What Two Dots Taught Me About Premium Content
I am fully addicted to Two Dots. It’s such a well-designed little game and I’ve ate up and fully enjoyed playing all 285 levels that currently exist. I have even paid the app to play more (99 cents for 5 additional lives) or play better (paying 99 cents for 4 little barrels that let me excel at a difficult level).
My ravenous playing of Two Dots made me wonder, why am I willing to pay for this content but so often halt at the paywalls of other websites and apps? How are freemium game creators getting so many folks to pay up while so many other creators are completely failing to get $$ in exchange for their content, even when it’s quality stuff?
Below are the questions I think Two Dots is considering that us media and marketing folks SHOULD BE asking ourselves. I think answering these questions before offering up premium content (like ebooks, articles, a white paper, etc.) for sale ($$) or exchange (a user gives you their info or signs up for your newsletter in exchange for something from you) will make for more successful conversions.
How much do you need to give away for free to get something you want?
Two Dots and freemium games like it provide something of value completely for free but they offer something more or better when you’ve gobbled up all they’re willing to give away for free. What they’ve created and are giving away is compelling. So compelling that you’ll gladly fork over a little dough to get more when you’re offered it. One of the problems content creators run into is they do not have this balance figured out for their own product.
Consider what you have to offer and then divvy up the most addictive and unique portions of your content strategically. Half of your best stuff should come at a cost (either a monetary cost or in exchange for information, like signing up for a newsletter) and half should be given away to entice users and prove you have authority and value as a brand. All your content has to be worthwhile though. If you don’t feel confident that you can create compelling content for your ideal audience, hire a qualified content creator.
Realistically, how much will someone pay for this? And, why will someone pay that for this?
Can what you’re offered be found elsewhere with a quick Google search, or are you providing an unparalleled product? You can’t market (and sell!) something that users have no reason to pay for. In the case of Two Dots, I haven’t found a better designed game that replaces the satisfaction and enjoyment I get from Two Dots, so I’m willing to pay a quick and easy 99 cents to continue playing for just a little bit longer. That cost is low enough that it almost feels like nothing, and I have no real incentive to jump off and find some other form of entertainment. Over time Two Dots has made a lot of 99 cents off of me, but those small costs felt worth it at the time that I made each of those purchases.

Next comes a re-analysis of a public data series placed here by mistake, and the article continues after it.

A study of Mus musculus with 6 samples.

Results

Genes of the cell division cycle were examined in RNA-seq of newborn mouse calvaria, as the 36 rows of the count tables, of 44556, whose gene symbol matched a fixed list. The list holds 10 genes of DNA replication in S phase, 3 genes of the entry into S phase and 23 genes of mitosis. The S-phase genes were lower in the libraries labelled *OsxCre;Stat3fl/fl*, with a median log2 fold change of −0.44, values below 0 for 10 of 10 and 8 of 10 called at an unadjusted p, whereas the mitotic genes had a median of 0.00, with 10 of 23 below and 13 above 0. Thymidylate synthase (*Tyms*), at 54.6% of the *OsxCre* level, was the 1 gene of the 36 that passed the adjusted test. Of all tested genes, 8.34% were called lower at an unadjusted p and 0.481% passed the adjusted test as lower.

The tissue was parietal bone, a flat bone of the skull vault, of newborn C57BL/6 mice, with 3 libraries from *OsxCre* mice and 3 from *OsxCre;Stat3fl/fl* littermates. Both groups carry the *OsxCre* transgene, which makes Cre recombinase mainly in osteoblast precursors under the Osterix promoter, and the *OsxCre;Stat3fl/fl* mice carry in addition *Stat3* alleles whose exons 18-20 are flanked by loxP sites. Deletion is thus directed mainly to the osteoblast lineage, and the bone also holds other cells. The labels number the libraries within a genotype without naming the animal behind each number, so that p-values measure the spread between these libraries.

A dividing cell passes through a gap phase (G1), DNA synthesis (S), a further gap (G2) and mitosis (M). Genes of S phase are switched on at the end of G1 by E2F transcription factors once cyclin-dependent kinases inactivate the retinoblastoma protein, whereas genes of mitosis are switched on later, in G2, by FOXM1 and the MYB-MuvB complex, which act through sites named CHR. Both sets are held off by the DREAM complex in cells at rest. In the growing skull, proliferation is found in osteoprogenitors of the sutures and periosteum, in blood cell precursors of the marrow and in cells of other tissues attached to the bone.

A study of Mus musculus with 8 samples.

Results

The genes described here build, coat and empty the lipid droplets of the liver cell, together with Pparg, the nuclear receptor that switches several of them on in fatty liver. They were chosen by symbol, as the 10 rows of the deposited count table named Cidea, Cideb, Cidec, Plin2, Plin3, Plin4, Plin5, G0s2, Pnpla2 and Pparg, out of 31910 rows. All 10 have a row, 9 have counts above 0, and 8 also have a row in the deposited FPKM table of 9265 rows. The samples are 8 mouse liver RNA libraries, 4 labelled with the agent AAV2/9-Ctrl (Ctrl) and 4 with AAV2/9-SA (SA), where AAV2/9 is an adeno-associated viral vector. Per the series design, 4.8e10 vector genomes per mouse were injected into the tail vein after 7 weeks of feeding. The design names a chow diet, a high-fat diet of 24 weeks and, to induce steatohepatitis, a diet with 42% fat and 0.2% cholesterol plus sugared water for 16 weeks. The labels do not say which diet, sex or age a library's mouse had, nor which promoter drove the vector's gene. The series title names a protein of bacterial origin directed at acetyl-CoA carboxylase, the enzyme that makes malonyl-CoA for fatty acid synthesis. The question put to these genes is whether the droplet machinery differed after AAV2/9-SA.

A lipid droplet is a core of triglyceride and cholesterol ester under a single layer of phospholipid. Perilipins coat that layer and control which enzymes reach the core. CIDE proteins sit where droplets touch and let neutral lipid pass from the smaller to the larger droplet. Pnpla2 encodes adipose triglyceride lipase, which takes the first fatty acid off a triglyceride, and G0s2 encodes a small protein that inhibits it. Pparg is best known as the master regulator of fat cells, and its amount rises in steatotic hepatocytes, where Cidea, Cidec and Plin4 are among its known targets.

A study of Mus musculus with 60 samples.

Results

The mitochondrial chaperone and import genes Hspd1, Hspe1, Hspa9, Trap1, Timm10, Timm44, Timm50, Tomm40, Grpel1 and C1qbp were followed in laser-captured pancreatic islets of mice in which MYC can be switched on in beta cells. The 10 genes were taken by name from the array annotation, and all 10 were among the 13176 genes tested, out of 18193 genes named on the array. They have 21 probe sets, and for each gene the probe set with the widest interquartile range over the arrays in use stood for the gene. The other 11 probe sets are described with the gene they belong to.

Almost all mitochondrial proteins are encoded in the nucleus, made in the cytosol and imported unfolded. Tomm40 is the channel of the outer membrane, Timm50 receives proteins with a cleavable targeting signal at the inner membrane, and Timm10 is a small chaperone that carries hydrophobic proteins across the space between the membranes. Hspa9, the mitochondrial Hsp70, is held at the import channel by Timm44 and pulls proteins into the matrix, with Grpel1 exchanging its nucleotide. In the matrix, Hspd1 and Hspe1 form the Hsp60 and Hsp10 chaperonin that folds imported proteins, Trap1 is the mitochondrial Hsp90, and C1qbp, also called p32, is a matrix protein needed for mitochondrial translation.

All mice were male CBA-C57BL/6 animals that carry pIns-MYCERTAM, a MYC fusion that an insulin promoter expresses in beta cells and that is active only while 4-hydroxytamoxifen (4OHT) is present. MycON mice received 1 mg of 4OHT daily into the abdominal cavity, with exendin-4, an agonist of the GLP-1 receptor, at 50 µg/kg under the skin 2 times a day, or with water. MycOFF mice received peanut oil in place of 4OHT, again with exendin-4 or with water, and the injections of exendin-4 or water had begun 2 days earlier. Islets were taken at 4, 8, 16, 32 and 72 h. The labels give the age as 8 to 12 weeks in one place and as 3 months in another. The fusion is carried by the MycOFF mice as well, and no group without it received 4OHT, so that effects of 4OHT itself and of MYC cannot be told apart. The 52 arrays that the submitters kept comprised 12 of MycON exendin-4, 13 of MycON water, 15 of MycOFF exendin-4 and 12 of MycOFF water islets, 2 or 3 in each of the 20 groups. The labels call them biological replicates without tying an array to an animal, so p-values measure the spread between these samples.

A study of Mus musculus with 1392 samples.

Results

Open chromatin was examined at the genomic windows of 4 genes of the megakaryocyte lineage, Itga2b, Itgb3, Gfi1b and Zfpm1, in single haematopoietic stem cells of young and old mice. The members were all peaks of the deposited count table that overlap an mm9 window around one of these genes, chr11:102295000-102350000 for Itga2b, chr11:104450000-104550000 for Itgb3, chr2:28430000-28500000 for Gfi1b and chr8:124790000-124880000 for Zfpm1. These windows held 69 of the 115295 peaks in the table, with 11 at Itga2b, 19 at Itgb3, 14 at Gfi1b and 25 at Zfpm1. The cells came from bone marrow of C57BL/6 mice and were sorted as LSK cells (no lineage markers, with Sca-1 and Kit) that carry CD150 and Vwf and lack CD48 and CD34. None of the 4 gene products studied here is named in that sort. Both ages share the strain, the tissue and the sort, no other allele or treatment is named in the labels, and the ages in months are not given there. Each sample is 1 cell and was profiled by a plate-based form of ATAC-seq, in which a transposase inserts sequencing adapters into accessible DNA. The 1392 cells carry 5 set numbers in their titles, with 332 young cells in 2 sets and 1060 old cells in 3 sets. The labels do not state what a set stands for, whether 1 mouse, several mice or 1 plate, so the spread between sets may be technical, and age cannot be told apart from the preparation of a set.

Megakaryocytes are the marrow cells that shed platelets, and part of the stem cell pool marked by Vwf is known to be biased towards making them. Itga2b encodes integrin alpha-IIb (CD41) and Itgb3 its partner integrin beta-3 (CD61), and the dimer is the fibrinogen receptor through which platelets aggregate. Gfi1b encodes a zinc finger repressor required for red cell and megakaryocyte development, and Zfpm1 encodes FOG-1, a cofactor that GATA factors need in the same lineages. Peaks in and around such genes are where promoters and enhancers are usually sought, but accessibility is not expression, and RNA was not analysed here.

Be honest with yourself about what your content is worth. Consider focus grouping your offerings. It’s possible you may be too close to your product to see how much it is really worth in the current marketplace. Also, if your content is easy to grab elsewhere for no cost, maybe there are opportunities to create multimedia content or offer unique expertise that won’t be able to be mimicked for free elsewhere. If what you’re offering is too expensive for your target market to easily justify buying on the spot, reconsider how much you are charging. If your brand doesn’t have positive word-of-mouth already, consider holding off on offering premium content at a cost until you increase your reputation.
How can you elegantly build in pay walls that don’t deter users? How can you make it easy for users to pay you and feel good about it?
Make it easy. The more hoops you make your potential customers jump through, the more opportunities they will have to opt out. And they will. The beauty of Two Dots is how easy it is to grab a few more lives and get a few more minutes of enjoyment. It happens in two clicks. So ask yourself, how many steps does it take for users to get through the process of paying for your premium content? If it takes more than a minute or two, you’re unlikely to get a purchaser on the spot and very unlikely to get a return customer.
Hire a user experience designer to help you put your premium content plan into action. They can help you determine where to put up paywalls and how to make buying as unobtrusive to the overall experience of your site. A fluid design will make users want to buy on the spot, and they are likely to return again and again if they are satisfied with the content AND were able to buy it swiftly.
What is the best delivery system for your content?
Two Dots is an app because users are likely to download the app and play the game on the go – at the bus stop, at the bar while waiting for a friend, on the toilet, whatever. They wouldn’t be successful at getting me to pay for content if I could only play on my computer. Alternatively, maybe your premium content lives on your website because you have found users (consider surveying them!) are more likely to want to ingest your content while sitting down at their computer. You need to determine what is the most convenient and realistic option for consuming your content.
Sites aren’t better than apps for delivering content and vice versa -but where you choose to house your premium content needs to be a conscious choice. Consider why you are offering what you are offering where you are offering it before you launch premium content.
Have some thoughts or questions about Two Dots, content creation or premium content? Want to gripe about which Two Dots level has you wanting to chuck your iPhone? Tweet us.